To plunge or not to plunge. That is the question for some as New Year’s Day approaches – and one best posed to a physician. Because, before taking the polar bear plunge into freezing cold water, you should first make sure your heart can handle it.
For others, the question is moot. They wouldn’t take the plunge, period.
Whether the plunge is a New Year’s Day tradition or just plain crazy depends on how you look at it. But, one thing’s for certain, the polar bear plunge is a worldwide phenomenon – and not just for New Year’s.
Wikipedia estimates that 30,000 people brave the Netherland’s New Year’s plunge, known as “Nieuwjaarsduik.” And it happens in Canada and Russia, too. In 2014, Australian researchers in Antarctica even marked the June 22 solstice (winter for them) with a dip in an ice-filled pool.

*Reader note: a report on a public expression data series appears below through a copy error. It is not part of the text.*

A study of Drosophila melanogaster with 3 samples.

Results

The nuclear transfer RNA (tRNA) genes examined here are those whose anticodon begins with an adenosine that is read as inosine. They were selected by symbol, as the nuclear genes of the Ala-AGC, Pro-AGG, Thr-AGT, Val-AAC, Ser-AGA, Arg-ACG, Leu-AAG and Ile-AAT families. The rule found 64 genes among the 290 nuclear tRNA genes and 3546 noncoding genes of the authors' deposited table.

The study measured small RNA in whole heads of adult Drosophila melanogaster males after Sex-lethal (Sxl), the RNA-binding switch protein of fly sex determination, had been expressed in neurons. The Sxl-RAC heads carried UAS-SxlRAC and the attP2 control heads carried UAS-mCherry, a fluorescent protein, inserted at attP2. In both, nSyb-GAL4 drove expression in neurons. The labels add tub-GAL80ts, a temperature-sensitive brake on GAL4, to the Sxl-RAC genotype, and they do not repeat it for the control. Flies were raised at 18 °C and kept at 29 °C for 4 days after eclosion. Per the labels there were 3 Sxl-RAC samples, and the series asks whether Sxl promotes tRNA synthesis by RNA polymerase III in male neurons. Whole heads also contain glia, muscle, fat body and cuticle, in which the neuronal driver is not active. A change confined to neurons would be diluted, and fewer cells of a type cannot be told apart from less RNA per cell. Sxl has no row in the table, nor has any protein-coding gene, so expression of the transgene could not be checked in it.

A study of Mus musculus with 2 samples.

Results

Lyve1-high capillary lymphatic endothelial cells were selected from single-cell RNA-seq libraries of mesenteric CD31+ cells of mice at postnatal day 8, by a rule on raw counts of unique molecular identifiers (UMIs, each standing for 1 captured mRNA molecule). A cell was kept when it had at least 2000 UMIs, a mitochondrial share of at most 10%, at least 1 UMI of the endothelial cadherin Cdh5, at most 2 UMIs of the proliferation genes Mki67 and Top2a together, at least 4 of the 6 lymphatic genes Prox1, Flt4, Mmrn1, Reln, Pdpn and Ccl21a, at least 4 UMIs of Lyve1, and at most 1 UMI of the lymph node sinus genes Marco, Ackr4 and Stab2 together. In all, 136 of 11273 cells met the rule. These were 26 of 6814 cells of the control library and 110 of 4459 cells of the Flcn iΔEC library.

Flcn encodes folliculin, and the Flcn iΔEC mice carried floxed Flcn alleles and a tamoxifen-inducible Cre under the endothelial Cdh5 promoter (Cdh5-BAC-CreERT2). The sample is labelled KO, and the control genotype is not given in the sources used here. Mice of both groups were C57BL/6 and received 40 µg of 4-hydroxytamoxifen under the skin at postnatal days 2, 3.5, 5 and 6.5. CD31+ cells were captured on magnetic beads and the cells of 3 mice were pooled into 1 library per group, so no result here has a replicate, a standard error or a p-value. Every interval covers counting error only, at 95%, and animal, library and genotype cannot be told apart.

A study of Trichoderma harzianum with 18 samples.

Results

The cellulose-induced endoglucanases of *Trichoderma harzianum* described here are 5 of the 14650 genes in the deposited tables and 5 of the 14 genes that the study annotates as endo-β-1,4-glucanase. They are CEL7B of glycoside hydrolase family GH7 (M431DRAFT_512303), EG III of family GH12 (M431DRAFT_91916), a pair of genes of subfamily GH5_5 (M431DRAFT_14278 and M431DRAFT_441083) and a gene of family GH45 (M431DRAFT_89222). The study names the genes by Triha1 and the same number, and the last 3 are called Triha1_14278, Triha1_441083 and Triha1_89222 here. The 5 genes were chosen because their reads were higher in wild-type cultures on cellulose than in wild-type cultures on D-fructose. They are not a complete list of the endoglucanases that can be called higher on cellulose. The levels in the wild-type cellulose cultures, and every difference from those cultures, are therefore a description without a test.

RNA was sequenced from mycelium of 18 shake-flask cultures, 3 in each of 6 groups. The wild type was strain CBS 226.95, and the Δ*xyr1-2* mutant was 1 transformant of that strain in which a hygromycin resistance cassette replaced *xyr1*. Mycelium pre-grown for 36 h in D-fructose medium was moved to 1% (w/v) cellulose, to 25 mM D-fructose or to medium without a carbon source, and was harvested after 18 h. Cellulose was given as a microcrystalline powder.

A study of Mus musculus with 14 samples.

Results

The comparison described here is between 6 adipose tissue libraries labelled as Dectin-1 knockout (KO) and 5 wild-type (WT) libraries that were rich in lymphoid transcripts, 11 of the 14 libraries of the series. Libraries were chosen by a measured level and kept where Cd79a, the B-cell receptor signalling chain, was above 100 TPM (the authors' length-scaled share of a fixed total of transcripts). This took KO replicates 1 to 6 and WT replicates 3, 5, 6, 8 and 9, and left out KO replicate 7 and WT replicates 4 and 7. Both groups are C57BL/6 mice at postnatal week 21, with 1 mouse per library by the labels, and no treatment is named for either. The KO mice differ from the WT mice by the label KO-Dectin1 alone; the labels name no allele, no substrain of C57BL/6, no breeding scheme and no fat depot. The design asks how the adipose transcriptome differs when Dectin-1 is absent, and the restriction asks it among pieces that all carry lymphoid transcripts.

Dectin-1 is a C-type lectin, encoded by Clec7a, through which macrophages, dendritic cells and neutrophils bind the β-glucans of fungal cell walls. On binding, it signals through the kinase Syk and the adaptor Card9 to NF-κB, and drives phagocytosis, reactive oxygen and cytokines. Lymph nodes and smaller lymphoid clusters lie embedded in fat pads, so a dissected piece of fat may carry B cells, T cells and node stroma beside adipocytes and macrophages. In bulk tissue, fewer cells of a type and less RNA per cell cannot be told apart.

Why? Some say there are health benefits, such as stress relief, increased energy and rejuvenation. But there can be dangers, too, particularly for people with a family history of stroke, aneurysm, blood pressure problems or hypertension. The cold water causes blood vessels to constrict.
But, they also do it for a good cause. In the U.S., polar bear plunges across the country raise money or collect goods to help others.
Here are a few groups and events that take on the cold for a charitable cause:
Of course, if you’re not up for participating, these and other events happily welcome observers. And we wouldn’t blame you at all if you felt more comfortable on the sidelines.
If you do plan to plunge, be sure to seek your doctor’s advice first.